The pace of the economic recovery in the UK from coronavirus fell behind the global benchmark in October for the first time since June.
The trend developed as consumer facing industries and their suppliers grappled with new restrictions and slowing demand, according to the latest Lloyds Bank UK Recovery Tracker.
The UK posted a reading of 52.1 (down from 56.5 in September), mirroring the economic slowdown seen across the rest of Europe amid a resurgence of Covid-19.
The Tracker, complied through IHS Markit, provides unique insight into the shape and pace of the recovery following the disruption caused by Covid-19.
Six of the fourteen UK sectors monitored by the tracker saw output rise faster than the global index during October.
However, this is five fewer than in September.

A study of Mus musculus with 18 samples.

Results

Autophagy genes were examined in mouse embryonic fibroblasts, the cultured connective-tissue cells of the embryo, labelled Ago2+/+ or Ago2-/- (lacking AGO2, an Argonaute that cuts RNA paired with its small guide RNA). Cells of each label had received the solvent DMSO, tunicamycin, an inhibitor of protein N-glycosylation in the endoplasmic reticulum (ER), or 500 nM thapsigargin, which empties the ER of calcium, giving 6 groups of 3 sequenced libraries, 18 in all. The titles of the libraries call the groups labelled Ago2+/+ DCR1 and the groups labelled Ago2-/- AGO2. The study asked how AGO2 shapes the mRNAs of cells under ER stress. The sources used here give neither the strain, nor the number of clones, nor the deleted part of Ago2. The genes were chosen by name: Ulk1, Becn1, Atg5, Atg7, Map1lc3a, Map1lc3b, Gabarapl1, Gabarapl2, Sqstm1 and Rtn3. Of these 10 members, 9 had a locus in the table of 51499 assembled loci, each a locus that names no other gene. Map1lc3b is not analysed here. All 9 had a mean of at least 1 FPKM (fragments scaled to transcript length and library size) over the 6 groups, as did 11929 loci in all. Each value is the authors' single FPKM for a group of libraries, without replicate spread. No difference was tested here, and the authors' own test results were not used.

Beverages and food (43.5), household goods (45), technology equipment (52.7), chemicals (51.9), real estate (52.4) and banks (55.2) all dropped below the benchmark in October, while tourism and recreation (25.5) and transportation (43.6) both fell further behind.
A reading above 50 signals output is rising, while a reading below 50 indicates output is contracting.
Tourism and recreation fell particularly sharply behind the global benchmark in October following the rollout of various tiered lockdown measures as new hospitality curfews and restrictions on social interaction were introduced.
Beverages and food also fell sharply as a result, with producers in the sector experiencing a drop in orders from pubs and restaurants.
Metals and mining (70.3) was the most notable upside outlier, maintaining its position as the UK sector furthest ahead of the global benchmark for the second month in a row.